Say what you will about “green cred” — the social brownie points awarded in certain areas of the country for driving a battery-powered Nissan Leaf or Toyota Prius plug-in — but electric vehicles outside the Tesla Model S have a dowdy image. I mean, you can’t imagine James Bond pulling up to a casino in a Chevy Volt.
In an industry that is built on horsepower braggadocio and sexy sheet metal, that image has limited electric vehicles’ market penetration.
Last month, plug-in vehicle sales (less the Tesla) totaled just 7,565 nationwide. Compare that with the 55,171 Ford F-150 pickups that were sold or the 37,408 Toyota Camrys that found buyers. Overall, 676,627 cars and 800,048 light-duty trucks were sold last month.
Electric cars are just an ion in the bucket. For an industry that needs unit volume to lower battery costs, increase range, and widen their market penetration, these numbers need to get better. The good news is: There are signs another wave of excitement for battery EVs is coming.
Did you see the wild battery-powered racecar Honda used to win the Exhibition class at the Pikes Peak Hill Climb race? The wining overall time was set by an all-electric prototype — a first for the event. The event marks a turnaround for Honda, which had been hesitant to develop battery-electric vehicles due to cost concerns. They’ve turned their opinion around; with company chief exec Takahiro Hachigo saying they will “evolve products that use electricity as a core technology.”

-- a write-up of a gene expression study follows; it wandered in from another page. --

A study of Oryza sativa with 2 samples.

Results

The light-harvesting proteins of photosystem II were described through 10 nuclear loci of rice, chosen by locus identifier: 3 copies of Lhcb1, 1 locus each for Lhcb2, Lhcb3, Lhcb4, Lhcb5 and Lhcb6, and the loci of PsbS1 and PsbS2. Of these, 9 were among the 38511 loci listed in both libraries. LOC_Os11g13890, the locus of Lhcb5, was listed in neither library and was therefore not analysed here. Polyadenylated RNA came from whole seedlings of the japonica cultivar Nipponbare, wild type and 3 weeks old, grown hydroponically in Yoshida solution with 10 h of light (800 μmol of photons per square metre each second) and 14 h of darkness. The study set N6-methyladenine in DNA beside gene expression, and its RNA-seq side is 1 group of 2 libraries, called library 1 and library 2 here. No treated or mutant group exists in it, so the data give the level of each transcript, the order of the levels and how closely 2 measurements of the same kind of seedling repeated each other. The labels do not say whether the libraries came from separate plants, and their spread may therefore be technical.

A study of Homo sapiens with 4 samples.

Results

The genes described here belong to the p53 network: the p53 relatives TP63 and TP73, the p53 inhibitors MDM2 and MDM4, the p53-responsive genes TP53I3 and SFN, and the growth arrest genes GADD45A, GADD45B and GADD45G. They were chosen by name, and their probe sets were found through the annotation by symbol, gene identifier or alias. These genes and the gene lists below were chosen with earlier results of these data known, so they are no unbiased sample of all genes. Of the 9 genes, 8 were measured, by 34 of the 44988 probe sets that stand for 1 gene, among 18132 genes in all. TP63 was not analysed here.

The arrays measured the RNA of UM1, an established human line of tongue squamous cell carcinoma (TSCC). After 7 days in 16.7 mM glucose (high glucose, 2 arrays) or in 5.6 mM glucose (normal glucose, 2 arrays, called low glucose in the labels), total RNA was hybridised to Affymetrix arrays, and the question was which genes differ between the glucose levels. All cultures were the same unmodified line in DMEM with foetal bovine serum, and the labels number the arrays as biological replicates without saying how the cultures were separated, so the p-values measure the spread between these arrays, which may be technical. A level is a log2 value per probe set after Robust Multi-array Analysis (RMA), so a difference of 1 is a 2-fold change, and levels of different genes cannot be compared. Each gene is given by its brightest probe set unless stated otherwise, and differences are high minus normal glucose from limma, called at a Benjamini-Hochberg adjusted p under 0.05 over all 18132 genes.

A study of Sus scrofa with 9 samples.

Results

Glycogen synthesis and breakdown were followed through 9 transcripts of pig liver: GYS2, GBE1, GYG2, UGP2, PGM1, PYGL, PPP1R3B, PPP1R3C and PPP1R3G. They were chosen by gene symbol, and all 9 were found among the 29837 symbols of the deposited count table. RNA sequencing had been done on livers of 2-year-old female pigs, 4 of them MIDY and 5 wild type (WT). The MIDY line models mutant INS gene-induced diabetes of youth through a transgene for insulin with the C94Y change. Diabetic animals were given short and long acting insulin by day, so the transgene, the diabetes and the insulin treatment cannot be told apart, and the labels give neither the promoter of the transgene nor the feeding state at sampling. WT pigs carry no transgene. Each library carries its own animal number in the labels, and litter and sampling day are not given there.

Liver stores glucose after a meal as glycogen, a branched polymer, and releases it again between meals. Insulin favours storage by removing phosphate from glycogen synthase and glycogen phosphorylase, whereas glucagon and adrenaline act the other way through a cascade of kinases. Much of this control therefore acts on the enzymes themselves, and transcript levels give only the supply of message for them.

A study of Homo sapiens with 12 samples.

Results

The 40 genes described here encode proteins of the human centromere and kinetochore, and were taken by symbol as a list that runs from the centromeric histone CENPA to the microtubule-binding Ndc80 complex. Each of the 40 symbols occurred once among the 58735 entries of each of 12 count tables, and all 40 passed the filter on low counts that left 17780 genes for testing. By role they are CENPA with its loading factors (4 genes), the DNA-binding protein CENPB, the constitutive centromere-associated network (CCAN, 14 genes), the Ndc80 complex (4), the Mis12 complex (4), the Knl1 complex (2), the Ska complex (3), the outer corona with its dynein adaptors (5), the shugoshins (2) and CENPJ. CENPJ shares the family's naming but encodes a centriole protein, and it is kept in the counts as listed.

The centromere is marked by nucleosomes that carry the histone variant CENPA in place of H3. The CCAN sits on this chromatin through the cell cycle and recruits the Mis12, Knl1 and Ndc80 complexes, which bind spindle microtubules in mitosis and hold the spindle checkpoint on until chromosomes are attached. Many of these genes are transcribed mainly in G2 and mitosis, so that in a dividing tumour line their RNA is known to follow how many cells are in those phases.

Honda has announced it is working on a new lineup of vehicles including an all-new battery-electric model and an all-new plug-in hybrid model by 2017.
New models of the iconic Nissan Leaf and Chevy Volt are coming — with extended ranges as battery technology improves pushing down cost-per-kilowatt — while General Motors is working on bringing the 200+ mile Bolt concept into production. Tesla’s been busy too, with the upcoming SUV Model X expected to double the company’s sales according to CEO Elon Musk, who with the help of the $35,000 Model 3 is hoping to move 500,000 cars by 2020.
A new study by Navigant Research predicts that overall plug-in EV car sales will hit a 1.1 million annual rate in 2024, up from 133,000 in 2014.
Not only will this be great news for Tesla, which has recently moved to test its record high from last summer near $290, but other companies in the EV ecosystem like Johnson Controls (JCI), which makes lithium battery packs; Kandi Technologies (KNDI), which makes mini EVs in the Chinese market; and Delphi (DLPH), which makes chargers, battery-pack systems and voltage-wiring systems. Put these stocks on your radar.